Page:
If ever there was a walking, talking exemplar of courage today, then surely that description befits Somali born Ayann Hirsi Ali.
As a victim of female genital mutilation and a former Islamist sympathiser, Hirsi Ali has dared to incur the wrath of both Islamists and their many apologists as she fearlessly calls out the breathtaking double standards of mainstream Western politics. Hounded by both those outside the law as well as those who make it, she has fearlessly campaigned for the reform of Islamic doctrine, particularly in relation to the issue of women’s rights. She is also a thorn in the side of feminist grievance culture as she constantly calls out their hysterical denunciation of an incorrect word or an advertising campaign, while highlighting their hypocritical silence when it comes to women’s rights in Islamic communities.
Fleeing to the Netherlands to escape an arranged marriage, Hirsi Ali has lived under constant threat of violence from one source or another for the better part of twenty years. That threat became all too real when her colleague Theo Van Gogh was murdered in 2004. Hirsi Ali had written the script for his controversial film entitled Submission (2004), which is a short but hard hitting critique of the condition of women in Islamic societies.
Despite living with constant security, Hirsi Ali has continued to highlight the repressive conditions endured by many women across the Islamic world and increasingly in the West, while fearlessly challenging a sustained conspiracy of silence involving far too many over-privileged women’s advocates.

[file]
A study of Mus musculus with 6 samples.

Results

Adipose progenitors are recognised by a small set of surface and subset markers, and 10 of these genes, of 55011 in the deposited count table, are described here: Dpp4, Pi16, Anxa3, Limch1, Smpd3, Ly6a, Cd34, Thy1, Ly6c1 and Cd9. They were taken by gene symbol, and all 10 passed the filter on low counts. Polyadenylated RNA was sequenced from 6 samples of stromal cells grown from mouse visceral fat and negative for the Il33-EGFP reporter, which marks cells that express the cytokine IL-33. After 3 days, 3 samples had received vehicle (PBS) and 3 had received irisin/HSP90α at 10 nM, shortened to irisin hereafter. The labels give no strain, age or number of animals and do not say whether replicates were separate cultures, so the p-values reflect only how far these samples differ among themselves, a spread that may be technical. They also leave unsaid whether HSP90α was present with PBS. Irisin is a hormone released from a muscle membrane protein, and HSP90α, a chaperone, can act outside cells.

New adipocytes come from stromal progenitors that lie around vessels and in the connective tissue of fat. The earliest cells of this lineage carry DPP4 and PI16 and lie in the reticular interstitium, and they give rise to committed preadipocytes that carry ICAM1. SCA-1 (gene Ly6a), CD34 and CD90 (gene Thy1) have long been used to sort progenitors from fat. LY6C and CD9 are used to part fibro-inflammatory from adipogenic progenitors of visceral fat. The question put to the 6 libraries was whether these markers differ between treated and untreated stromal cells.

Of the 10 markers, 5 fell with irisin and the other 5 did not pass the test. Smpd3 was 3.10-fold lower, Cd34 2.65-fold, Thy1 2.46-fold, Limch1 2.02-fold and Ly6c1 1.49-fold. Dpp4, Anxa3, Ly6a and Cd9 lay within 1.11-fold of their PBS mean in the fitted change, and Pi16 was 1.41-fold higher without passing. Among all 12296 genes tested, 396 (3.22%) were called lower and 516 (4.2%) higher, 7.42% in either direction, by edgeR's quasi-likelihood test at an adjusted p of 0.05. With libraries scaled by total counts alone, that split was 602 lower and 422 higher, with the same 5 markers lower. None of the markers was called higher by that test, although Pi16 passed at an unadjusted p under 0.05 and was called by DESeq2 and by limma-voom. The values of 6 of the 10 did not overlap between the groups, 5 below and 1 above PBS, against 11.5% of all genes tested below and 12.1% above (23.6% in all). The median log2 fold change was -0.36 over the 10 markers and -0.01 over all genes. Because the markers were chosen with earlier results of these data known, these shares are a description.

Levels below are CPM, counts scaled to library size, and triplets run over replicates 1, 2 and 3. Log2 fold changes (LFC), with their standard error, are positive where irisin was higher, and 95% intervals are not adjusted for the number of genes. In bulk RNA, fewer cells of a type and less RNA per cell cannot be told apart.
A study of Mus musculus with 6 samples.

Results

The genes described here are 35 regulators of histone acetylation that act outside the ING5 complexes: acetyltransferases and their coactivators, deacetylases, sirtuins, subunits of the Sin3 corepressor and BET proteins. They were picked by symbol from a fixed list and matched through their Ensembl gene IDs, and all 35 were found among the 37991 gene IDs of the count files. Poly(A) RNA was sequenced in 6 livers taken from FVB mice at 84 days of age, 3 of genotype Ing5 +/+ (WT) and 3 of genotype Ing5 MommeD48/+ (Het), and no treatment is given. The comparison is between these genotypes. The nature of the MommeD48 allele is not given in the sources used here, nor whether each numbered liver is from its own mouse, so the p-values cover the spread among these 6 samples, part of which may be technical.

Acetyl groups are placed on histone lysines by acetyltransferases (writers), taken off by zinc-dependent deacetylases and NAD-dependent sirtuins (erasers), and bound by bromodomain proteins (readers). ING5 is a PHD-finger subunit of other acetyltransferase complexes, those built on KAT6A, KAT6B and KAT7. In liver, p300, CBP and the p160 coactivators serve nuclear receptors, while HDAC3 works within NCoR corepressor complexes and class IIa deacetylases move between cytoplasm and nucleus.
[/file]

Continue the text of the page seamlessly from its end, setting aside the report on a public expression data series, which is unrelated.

In recent years, she has been the target of persistent lawfare and political assassination campaigns by several groups which have taken issue with her uncompromising and logically consistent stance on women’s rights in the Islamic world. This campaign has seen her banned from speaking at various venues, as well has having to cancel numerous engagements for security reasons. She was even classified as an anti-Islamic extremist by the influential Southern Poverty Law Centre, although the SPLC withdrew that designation following protests by a number of well known newspapers.
Undeterred, Hirsi Ali has been reaching new audiences on the intellectual dark web in recent years, having been interviewed by a number of prominent alternative journalists and political analysts. Her sit down with Dave Rubin has netted close to 200,000 views, while her famous presentation for Prager University has netted a whopping six million plus and counting.
A modern heretic in the truest sense, Ayaan Hirsi Ali makes us uncomfortable because she says what we know to be true deep down, but still wish it wasn’t. She disturbs because she reminds us that the world is not improved by simply looking the other way and not wanting to cause offence. She highlights how that offence, whether genuine or politically expedient, is a vital ingredient for personal and societal development. She reminds us that our privileged position here in the secular West is not some inevitable destination on history’s journey, but a shining exception in an otherwise dark and rather bleak world of repression and injustice…especially if you’re a woman.
No matter how much we might like to pretend we stand for something, Ayaan Hirsi Ali reminds us that fighting for justice isn’t about online petitions or sharing memes on Facebook; it’s about having the courage to tell uncomfortable truths in the face of concerted opposition and real danger to life, limb and livelihood.
In a world of Twittersphere outrage and safe, cosy online activism, Ayaan Hirsi Ali is the real deal.